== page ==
What’s to stop malicious code from spoofing the “Origin” header to exploit CORS?

What’s to stop malicious code from spoofing the “Origin” header to exploit CORS?

The way I understand it, if a client-side script running on a page from foo.com wants to request data from bar.com, in the request it must specify the header Origin: http://foo.com, and bar must respond with Access-Control-Allow-Origin: http://foo.com.
What is there to stop malicious code from the site roh.com from simply spoofing the header Origin: http://foo.com to request pages from bar?


Solution 1:

Browsers are in control of setting the Origin header, and users can’t override this value. So you won’t see the Origin header spoofed from a browser. A malicious user could craft a curl request that manually sets the Origin header, but this request would come from outside a browser, and may not have browser-specific info (such as cookies).

Remember: CORS is not security. Do not rely on CORS to secure your site. If you are serving protected data, use cookies or OAuth tokens or something other than the Origin header to secure that data. The Access-Control-Allow-Origin header in CORS only dictates which origins should be allowed to make cross-origin requests. Don’t rely on it for anything more.

Solution 2:

TLDR: There’s nothing stopping malicious code from spoofing the origin. When that happens, your server will never know about it and will act upon the requests. Sometimes those requests are expensive. So don’t use CORS in place of any type of security.

I’ve been playing around with CORS recently, and I’ve asked myself the same question. What I’ve found is that the browser may be smart enough to know a spoofed CORS request when it sees one, but your server isn’t as smart.

The first thing I found was that the Origin header is an HTTP forbidden header name that cannot be modified programmatically. Which means you can modify it in about 8 seconds using Modify Headers for Google Chrome.

To test this, I set up two Client domains and one Server domain. I included a CORS whitelist on the Server, which allowed CORS requests from Client 1 but not from Client 2. I tested both clients, and indeed Client 1’s CORS requests succeeded while Client 2’s failed.

Then I spoofed Client 2’s Origin header to match Client 1’s. The Server received the spoofed Origin header, and successfully passed the whitelist check (or failed if you’re a glass-half-empty kind of guy). After that, the Server performed dutifully by consuming all the resources that it was designed to consume (database calls, sending expensive emails, sending even more expensive sms messages, etc.). When that was done, the server happily sent the spoofed Access-Control-Allow-Origin header back to the browser.

The documentation I’ve read states that the Access-Control-Allow-Origin value received must match the Origin value sent in the request exactly. They did match, so I was surprised when I saw the following message in Chrome:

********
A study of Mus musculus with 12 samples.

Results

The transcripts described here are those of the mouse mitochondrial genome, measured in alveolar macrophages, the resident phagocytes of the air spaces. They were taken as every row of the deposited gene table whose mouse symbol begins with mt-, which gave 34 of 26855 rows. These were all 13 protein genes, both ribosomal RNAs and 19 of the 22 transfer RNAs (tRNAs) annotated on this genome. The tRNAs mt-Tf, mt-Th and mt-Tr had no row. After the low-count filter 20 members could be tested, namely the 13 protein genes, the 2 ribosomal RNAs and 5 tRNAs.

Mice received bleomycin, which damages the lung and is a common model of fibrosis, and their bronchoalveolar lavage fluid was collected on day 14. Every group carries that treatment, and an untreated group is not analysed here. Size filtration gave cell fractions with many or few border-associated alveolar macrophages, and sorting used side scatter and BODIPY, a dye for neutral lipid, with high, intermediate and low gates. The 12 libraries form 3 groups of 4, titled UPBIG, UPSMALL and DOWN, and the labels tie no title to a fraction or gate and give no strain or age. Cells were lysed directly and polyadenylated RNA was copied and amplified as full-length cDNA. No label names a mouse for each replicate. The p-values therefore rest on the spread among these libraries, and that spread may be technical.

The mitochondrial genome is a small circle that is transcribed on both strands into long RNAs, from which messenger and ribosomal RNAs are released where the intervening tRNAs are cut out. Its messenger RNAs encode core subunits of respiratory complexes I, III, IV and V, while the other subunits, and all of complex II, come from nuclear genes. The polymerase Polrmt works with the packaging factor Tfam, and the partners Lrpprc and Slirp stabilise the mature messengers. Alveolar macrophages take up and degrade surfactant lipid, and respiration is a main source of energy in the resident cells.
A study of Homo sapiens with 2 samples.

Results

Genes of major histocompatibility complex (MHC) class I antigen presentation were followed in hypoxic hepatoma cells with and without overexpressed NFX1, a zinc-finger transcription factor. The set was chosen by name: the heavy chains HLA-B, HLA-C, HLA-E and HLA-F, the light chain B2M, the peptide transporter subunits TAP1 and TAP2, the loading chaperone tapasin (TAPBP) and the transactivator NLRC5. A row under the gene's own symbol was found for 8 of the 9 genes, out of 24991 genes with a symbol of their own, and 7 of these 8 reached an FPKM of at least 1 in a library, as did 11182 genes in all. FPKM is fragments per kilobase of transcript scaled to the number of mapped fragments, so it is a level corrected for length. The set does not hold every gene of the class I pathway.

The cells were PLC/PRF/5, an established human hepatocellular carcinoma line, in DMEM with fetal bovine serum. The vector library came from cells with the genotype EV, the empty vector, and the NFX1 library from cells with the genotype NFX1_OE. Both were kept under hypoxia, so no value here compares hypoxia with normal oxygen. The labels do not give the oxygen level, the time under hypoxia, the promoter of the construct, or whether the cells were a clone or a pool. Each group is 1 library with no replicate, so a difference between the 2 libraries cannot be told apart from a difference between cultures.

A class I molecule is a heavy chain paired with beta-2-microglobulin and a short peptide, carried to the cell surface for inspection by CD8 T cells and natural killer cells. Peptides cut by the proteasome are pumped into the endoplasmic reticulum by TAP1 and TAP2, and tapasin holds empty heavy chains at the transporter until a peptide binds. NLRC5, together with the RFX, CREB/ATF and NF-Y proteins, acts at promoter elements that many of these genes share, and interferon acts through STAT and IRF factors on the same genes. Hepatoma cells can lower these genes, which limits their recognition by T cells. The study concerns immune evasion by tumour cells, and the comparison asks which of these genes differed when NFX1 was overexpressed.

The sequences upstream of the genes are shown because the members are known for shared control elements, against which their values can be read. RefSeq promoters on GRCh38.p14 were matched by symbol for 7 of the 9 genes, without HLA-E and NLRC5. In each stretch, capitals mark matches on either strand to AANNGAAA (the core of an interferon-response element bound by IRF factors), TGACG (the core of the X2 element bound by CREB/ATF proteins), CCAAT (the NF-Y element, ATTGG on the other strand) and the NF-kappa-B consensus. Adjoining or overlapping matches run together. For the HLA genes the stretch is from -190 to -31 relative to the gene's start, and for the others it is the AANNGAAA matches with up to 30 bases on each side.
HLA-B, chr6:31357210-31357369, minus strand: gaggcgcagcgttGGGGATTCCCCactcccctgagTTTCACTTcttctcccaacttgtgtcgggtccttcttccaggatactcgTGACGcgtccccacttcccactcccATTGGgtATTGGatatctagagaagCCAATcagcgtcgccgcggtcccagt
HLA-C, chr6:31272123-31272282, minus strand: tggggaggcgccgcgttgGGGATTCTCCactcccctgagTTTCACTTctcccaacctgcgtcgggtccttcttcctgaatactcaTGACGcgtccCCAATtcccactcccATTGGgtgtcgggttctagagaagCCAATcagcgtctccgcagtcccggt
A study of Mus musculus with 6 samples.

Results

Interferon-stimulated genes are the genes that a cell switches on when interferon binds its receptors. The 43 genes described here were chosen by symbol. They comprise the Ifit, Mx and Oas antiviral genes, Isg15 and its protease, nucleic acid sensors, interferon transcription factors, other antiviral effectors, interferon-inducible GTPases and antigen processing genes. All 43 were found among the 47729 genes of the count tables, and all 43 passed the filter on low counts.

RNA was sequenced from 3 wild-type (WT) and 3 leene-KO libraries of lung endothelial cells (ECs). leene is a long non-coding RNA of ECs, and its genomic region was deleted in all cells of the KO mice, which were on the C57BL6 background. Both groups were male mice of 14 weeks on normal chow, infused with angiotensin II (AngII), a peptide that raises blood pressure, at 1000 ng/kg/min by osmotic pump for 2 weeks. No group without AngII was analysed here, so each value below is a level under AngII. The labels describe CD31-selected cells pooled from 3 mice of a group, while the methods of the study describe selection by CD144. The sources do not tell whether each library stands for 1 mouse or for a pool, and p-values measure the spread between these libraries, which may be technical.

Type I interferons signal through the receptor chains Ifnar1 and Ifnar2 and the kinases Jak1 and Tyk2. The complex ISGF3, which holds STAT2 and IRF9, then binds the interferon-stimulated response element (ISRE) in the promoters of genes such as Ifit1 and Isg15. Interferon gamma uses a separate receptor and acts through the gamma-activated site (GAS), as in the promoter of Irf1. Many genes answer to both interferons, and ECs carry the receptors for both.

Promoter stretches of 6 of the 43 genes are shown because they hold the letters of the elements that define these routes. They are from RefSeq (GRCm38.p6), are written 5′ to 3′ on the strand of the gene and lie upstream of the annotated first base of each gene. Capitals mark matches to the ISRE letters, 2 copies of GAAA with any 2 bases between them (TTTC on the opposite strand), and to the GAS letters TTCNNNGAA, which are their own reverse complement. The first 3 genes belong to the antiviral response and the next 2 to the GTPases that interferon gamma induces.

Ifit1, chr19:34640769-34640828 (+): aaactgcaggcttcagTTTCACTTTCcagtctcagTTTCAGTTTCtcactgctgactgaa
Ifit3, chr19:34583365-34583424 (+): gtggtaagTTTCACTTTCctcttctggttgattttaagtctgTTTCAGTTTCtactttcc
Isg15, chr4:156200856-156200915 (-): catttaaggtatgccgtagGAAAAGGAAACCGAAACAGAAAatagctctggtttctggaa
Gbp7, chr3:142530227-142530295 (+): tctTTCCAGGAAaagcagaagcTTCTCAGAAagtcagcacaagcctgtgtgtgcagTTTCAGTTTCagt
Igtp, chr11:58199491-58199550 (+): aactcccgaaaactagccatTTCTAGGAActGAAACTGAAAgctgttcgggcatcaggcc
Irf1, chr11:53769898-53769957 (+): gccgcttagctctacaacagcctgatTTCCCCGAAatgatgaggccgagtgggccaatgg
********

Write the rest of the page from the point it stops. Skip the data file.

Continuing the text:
XMLHttpRequest cannot load http://server.dev/test. The
‘Access-Control-Allow-Origin’ header has a value http://client1.dev
that is not equal to the supplied origin. Origin http://client2.dev
is therefore not allowed access.

The documentation I read doesn’t seem to be accurate. Chrome’s network tab clearly shows both the request and response headers as http://client1.dev, but you can see in the error that Chrome somehow knows the real origin was http://client2.dev and correctly rejects the response. Which doesn’t matter at this point because the server had already accepted the spoofed request and spent my money.

Solution 3:

Just a humble wrap up:

Q: Is Same Origin Policy (SOP) enforced only by browsers?
A: Yes. For all calls you make inside a browser, the SOP is definitely applied by the browser. Server might or might not check the origin of the request.

Q: If a request doesn’t comply with SOP, does the browser block it?
A: No, it’s beyond authority of browsers. Browsers just send cross origin requests and wait for the response to see if the call is signaled legit by server through Access-Control-* headers . If server doesn’t send back Access-Control-Allow-Origin header, doesn’t echo back the origin of caller, or doesn’t send back * in the header, then all the browser can do is to refrain from providing the response to the caller.

Q: Does it mean I cannot spoof Origin?
A: In browser and using scripting, you cannot override Origin as it’s in control of browser. However, if you want to hack yourself, you can tamper the calls coming out of YOUR browser using browser extensions or other tools you install on your machine. You can also issue HTTP calls using curl, Python, C#, etc and alter the Origin header to trick server.

Q: So if I can trick server by altering Origin, does it mean CORS is not secure?
A: CORS per say is silent about security – i.e. authentication and authorization of requests. It’s up to servers to inspect requests and authenticate/authorize them by any mechanism they work with such as cookies and headers. Having said that, it can protect us a bit more in case of attacks like XSS:

Let’s say you login to your website and a malicious script code attempts to send a request to your bank website to inquire your balance. Your bank website trusts the credentials coming from your website so the request gets authenticated and a HTTP response aiming for the malicious code gets issued. If your bank website doesn’t care about sharing its endpoints with other origins, it doesn’t include Access-Control-Allow-Origin header in the response.
Now, upon arrival of the request, the browser realizes that the request was a Cross Origins one but the response doesn’t show that the server was happy to share the resource (here the balance query endpoint) with your website. So it breaks the flow and the returned result will never reach the malicious code.